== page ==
SAN FRANCISCO (CN) - The San Francisco Board of Supervisors on Tuesday unanimously approved a resolution opposing the "scapegoating of immigrants" and rejecting a "deportation-focused" federal immigration program.

The board also rejected a proposal to rescind Sheriff Ross Mirkarimi's March 2015 memo banning department employees from coordinating with federal immigration agents.

Earlier on Tuesday, Democrats in the U.S. Senate defeated a bill intended to withhold funding from cities that refuse to cooperate with federal immigration agents.

San Francisco Mayor Ed Lee, who appeared briefly at the beginning of Tuesday's board meeting, thanked President Barack Obama and Senators Barbara Boxer and Diane Feinstein, both of California, for opposing the anti-sanctuary city bill.

"I firmly believe our city's sanctuary city law makes us safer and helps support immigrant communities," Lee said.

The law, passed in 2009, prohibits local law enforcement from turning over undocumented immigrants arrested for nonviolent crimes to federal agents.

It became the focus of heated national debate this summer after a previously detained immigrant with criminal past shot and killed a 32-year-old woman in San Francisco on July 1.

Earlier this year, Sheriff Ross Mirkarimi drafted a memo banning sheriff's department employees from directly communicating or coordinating with federal immigration officials.

District 2 Supervisor Mark Farrell introduced a resolution to rescind that policy, arguing that local police and sheriff's officers should be allowed to practice discretion in deciding when to share information with federal agents.

"I think his order flies in the face of public safety, and as a board of supervisors we should be insulted because we did not vote on this, and he did this without consulting us," Farrell said.

When Farrell first addressed the board to introduce his resolution, a large group of immigrant rights advocates stood and turned their backs to him.

District 10 Supervisor Malia Cohen offered a motion to table the issue, saying the nonbinding resolution would send the wrong message to undocumented immigrants that are victims of crime.

Cohen said although everyone agrees Steinle's murder was a senseless tragedy, the board also should not allow one event to reshape a policy the city has had in place for 25 years.

"We can't allow hateful conservative news stations to drive how we respond to incidents in our city," Cohen said. "I'm not afraid of Fox News, and they don't influence how we make our decisions in San Francisco."

Other supervisors, including John Avalos and David Campos, relayed personal stories of immigrants who attended the Tuesday meeting.

Campos told the story of Maria Hernandez, a woman who he said was trapped in an abusive relationship for 10 years and nearly lost her leg when her boyfriend tried to run her over with a car. Hernandez never went to the police, Campos said, because she was afraid she would get deported and leave her daughters without a mom.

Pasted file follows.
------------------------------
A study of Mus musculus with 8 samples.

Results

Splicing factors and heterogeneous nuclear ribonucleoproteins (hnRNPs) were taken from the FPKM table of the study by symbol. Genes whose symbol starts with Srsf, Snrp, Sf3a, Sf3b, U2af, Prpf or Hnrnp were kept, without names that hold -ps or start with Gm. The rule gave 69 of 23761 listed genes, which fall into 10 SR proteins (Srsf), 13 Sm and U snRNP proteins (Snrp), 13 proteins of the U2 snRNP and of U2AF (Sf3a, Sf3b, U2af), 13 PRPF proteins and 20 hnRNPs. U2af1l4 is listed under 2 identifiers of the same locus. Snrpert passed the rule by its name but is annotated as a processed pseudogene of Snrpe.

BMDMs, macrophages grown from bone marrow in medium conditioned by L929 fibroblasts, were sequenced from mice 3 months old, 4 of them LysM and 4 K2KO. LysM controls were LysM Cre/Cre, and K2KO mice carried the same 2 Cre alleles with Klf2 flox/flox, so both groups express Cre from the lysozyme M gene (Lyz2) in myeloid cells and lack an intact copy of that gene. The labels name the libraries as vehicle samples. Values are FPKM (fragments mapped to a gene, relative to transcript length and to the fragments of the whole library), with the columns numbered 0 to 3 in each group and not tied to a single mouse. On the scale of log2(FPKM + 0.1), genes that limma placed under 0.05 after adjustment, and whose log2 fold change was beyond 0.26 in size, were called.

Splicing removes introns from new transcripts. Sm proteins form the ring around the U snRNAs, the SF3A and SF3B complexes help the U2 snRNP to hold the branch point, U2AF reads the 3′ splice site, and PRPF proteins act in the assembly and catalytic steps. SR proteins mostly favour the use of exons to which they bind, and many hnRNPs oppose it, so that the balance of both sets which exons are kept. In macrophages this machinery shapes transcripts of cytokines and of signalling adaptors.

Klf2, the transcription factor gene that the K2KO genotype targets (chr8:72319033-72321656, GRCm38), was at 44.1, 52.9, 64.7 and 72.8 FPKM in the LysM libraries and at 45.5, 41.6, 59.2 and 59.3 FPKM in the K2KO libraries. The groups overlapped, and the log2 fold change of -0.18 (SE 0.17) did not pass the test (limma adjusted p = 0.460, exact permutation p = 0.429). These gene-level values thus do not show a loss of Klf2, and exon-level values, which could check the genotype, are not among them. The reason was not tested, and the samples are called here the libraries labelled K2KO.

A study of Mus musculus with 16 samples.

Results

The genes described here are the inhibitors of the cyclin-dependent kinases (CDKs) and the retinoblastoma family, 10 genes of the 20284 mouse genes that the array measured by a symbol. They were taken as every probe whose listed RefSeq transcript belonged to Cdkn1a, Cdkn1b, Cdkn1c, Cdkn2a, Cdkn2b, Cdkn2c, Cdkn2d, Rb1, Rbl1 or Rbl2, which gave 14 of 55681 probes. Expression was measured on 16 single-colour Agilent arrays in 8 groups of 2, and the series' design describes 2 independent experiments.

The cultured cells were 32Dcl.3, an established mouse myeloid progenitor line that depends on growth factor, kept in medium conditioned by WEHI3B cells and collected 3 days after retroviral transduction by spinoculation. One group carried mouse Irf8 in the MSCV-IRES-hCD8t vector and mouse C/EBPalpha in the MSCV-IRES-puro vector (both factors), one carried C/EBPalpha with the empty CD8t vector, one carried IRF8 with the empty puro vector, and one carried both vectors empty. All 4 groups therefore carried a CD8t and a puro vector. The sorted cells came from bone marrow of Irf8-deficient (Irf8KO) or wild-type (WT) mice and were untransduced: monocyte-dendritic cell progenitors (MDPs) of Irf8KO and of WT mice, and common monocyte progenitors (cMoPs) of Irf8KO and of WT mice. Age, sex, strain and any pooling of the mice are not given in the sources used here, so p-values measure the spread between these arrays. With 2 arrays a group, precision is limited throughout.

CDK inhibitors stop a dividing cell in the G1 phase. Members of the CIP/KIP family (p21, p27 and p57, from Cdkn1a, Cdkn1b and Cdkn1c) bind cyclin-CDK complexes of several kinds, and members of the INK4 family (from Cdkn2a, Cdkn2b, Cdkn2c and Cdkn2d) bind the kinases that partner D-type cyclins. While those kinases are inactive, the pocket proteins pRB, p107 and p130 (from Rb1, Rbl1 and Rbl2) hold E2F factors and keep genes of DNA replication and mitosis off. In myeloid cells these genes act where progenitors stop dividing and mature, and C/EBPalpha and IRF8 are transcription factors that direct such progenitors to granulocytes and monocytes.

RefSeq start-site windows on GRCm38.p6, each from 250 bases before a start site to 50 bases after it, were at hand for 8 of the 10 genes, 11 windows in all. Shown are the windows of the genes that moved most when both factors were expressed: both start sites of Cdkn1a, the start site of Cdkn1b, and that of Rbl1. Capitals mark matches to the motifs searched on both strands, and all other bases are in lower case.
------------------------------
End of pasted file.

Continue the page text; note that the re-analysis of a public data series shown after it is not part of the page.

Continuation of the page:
District 6 Supervisor Jane Kim said the symbolic resolution to rescind the sheriff's policy would do nothing to improve public safety, adding that more gun control is needed to stem the tide of violence rippling across the nation.

"We need gun control," said Kim. "Not a single member of our community should be able to access these weapons that cause so much stress, anxiety and grief throughout our city and our country."

District 8 Supervisor Scott Wiener asked that the board take an up-or-down vote on the resolution to rescind the sheriff's policy instead of tabling the issue.

However, the motion to table the resolution ultimately passed in a 6-5 vote.

The board also considered a resolution to reject and oppose the federal government's Priority Enforcement Program, which seeks to have local law enforcement agencies share fingerprint data on arrestees with the FBI and Immigration and Customs Enforcement to "determine whether the individual is a priority for removal."

Campos called the resolution particularly important because other major cities, including New York and Chicago, are looking to see how San Francisco responds to the new immigration program, which was first announced in a November 2014 memo by Department of Homeland Security Secretary Jeh Johnson.

"This will send a very strong message to the rest of the country that we're not going to have local law enforcement become arms of immigration," Campos said.

Board of Supervisors chair London Breed offered an amendment to the resolution, clarifying that local officials should still abide by the public-safety exceptions spelled out in San Francisco's sanctuary city and "Due Process for All" ordinances.

"There are exceptions designed to protect public safety in the sanctuary city law," Breed said. "My amendment simply says the San Francisco Board of Supervisors calls upon the sheriff not to participate in the priority enforcement program except as allowed in administrate codes."

The board unanimously approved the resolution opposing the federal government's program and the amendments offered by Breed.